Scoutmob tries to outdeal Groupon
“When people look at this space they see it as a zero-sum game,” said Payne, who has heard all the naysayers since launching his Atlanta-based company last year. “They see it as Groupon’s raised a billion dollars in private capital and some (other) companies have raised one, or ten or twenty (million)… how can they compete?”
Payne said the group-buying, or “local,” space is large enough to accommodate newcomers such as Scoutmob, DailyCandy, Gilt City, SCVNGR, GroupPrice and others. He added that Scoutmob is part of this “next wave” of deal sites that are following in Groupon’s oversized footsteps and changing the business model to better suit their clients.
“I think what’s happening is that Groupon started allowing local merchants to really monetize and drive traffic in a measurable way and that was a baby step into something much larger,” said Payne, whose service uses Groupon-type deals, but makes them free to consumers and charges business owners $2 per converted customer, compared to the 50-percent cut taken by Groupon (on a typical $25-for-$50-worth-of-food coupon, Groupon pockets $12.50).
Scoutmob works primarily as a free mobile app on an iPhone or Android device. Users scan deals by city (currently available in Atlanta, New York and San Francisco) or neighborhood and then redeem the virtual coupon when they arrive at the business, just as they would do at a bar using Foursquare. An invoice is issued to the business for every confirmed check-in.
Its 500,000 users pale in comparison with Groupon’s 70 million or with Living Social’s 26 million, but Payne said Scoutmob is at least doubling its user base every six months and projects hitting 1.5 million by year end.
To reinforce that goal, Scoutmob announced today it has secured its first funding round of $1.5 million from venture capital firm New Atlantic Ventures. The money will be used to triple Scoutmob’s 25-person staff and bring the discounting service to 10 more cities: Austin, Boston, Chicago, Los Angeles, Seattle, Portland, Washington, Dallas, Denver and Nashville.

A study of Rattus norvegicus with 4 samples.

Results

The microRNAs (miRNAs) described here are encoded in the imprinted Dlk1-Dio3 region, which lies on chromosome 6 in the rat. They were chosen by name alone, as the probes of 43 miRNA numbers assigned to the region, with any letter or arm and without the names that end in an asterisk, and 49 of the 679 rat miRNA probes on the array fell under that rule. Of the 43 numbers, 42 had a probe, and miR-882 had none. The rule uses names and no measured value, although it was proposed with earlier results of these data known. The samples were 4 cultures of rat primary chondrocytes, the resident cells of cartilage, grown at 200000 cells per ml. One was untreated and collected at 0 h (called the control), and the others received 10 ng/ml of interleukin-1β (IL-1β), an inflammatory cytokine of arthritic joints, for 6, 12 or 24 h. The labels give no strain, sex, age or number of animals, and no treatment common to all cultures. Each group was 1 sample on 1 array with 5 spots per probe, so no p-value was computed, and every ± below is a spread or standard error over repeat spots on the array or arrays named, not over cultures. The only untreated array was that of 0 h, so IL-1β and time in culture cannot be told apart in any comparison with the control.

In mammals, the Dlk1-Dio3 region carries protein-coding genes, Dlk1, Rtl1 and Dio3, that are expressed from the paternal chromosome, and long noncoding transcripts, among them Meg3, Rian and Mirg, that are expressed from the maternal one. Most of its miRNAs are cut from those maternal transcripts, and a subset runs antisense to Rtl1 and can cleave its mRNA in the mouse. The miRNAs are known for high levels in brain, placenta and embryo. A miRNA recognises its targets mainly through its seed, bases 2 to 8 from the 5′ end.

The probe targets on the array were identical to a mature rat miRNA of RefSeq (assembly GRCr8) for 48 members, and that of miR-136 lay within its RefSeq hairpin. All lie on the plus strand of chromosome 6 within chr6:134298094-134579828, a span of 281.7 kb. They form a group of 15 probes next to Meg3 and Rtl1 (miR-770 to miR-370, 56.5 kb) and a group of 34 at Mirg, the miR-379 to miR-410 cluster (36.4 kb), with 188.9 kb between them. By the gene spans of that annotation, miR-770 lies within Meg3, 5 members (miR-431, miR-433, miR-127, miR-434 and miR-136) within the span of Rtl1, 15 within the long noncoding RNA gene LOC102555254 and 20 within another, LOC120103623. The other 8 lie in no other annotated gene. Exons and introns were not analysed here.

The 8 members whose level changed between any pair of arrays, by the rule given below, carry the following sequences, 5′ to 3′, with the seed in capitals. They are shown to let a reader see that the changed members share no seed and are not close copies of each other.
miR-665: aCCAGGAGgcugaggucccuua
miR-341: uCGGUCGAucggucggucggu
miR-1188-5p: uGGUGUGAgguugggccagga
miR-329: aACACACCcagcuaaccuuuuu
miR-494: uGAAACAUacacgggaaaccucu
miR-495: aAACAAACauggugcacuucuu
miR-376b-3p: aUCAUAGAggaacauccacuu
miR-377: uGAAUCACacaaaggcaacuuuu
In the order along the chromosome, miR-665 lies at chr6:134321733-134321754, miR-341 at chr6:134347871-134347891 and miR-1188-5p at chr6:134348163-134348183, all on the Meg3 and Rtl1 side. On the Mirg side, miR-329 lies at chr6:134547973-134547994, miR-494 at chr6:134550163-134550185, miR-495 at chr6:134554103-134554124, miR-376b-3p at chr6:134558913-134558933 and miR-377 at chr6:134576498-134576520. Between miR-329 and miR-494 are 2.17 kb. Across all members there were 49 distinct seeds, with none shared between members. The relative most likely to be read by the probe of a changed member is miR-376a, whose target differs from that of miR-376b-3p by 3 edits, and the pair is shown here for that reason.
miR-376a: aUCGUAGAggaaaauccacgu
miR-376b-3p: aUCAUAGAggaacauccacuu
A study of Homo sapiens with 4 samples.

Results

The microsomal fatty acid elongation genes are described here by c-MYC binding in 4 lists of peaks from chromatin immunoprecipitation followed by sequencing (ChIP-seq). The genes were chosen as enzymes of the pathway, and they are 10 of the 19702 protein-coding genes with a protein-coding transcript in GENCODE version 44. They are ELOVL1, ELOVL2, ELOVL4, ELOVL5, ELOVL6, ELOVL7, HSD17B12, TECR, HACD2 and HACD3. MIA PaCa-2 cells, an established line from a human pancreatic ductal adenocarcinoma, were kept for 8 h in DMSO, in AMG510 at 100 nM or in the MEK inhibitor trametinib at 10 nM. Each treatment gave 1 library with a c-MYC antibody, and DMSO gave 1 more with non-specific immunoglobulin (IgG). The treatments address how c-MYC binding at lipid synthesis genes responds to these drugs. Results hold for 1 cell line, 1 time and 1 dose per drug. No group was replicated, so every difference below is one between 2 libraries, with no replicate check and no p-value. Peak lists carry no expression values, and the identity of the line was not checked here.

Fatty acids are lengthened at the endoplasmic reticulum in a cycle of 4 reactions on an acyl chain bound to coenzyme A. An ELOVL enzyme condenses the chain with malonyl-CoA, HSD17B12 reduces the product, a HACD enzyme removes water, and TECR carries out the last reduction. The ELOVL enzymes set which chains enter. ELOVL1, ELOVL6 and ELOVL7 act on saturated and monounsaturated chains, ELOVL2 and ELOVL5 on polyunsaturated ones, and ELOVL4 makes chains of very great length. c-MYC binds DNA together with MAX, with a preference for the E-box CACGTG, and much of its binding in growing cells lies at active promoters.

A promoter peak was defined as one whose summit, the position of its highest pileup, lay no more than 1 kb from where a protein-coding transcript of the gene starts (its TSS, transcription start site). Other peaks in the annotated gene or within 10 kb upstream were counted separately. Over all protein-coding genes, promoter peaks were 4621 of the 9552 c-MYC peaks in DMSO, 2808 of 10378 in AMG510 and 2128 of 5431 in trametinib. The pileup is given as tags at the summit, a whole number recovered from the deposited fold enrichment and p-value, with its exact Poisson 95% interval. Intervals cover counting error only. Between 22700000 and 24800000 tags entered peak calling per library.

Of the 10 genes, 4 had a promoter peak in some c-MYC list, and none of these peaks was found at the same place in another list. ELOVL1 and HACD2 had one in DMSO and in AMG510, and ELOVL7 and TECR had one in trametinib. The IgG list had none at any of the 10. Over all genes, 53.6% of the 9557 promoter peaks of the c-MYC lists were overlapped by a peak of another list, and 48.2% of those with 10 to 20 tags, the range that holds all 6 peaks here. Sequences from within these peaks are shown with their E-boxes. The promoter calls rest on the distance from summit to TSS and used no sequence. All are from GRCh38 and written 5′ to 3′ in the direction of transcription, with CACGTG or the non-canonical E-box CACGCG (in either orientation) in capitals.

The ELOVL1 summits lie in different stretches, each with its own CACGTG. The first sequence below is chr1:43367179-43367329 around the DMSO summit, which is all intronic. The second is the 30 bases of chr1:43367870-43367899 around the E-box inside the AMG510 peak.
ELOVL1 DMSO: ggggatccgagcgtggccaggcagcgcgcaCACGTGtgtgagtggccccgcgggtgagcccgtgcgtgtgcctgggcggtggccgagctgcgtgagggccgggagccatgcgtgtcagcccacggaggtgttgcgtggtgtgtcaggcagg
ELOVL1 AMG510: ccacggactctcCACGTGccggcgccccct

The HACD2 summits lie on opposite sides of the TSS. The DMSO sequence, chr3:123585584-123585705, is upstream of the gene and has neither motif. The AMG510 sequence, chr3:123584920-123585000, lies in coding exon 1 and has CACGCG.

“Obviously this is a very busy space in the market with a lot of copycats,” said Thanasis Delistathis, co-founder and managing partner of New Atlantic Ventures, adding his firm does about 5-6 deals each year. “We’re of the opinion that over time, the margins in the Groupon-Living Social model will have to come down because they aren’t sustainable.”
Chicago-based Groupon, which raised $950 million in January and has been reportedly valued at $25 billion, generated more than $760 million in 2010 revenue. Living Social, based in Washington D.C., recently raised $400 million, has been reportedly valued at $3 billion and expects to make $1 billion in gross revenue in 2011.
Scoutmob is the offshoot of another Atlanta-based company Payne started in 2008 that built customized WiFi accounts for local businesses, just like they have at airports and hotels. At the time Groupon had just started to catch on and sales reps for the company were hitting up the same merchants Payne was working with.
“We started to get a look behind the scenes of what the costs were for Groupon and what was actually occurring,” said Payne, who calculated Groupon was making about $30,000 per day in Atlanta, which he believes is the same figure they currently make per city each day. “We thought, whoa, $30,000 worth of revenue, that’s not a sustainable model. It’s going to last a long time because Groupon has such a lead and they’re so well-funded, but over time all that has to occur is that another business has to prove measurability – that they drove people into a business – and they’re going to start eating away at Groupon’s margins.”
Scoutmob’s success will hinge on how happy it makes the small businesses that use its technology.
Mark Kelly, co-owner of New York restaurant Tree, has tried more than a dozen daily deal sites and has been impressed by both the kind of clientele Scoutmob brings in and its low cost.
“In my experience the people on Scoutmob spent more than the people who came to us through Groupon,” said Kelly, 32, who launched the East Village bistro with his cousin at the start of the recession four years ago. He added they’ve used Scoutmob twice in the last six months and both deals combined will potentially bring in more than 2,000 customers.
“I know how hard times are out there, but we’re doing okay and Scoutmob definitely helped with that.”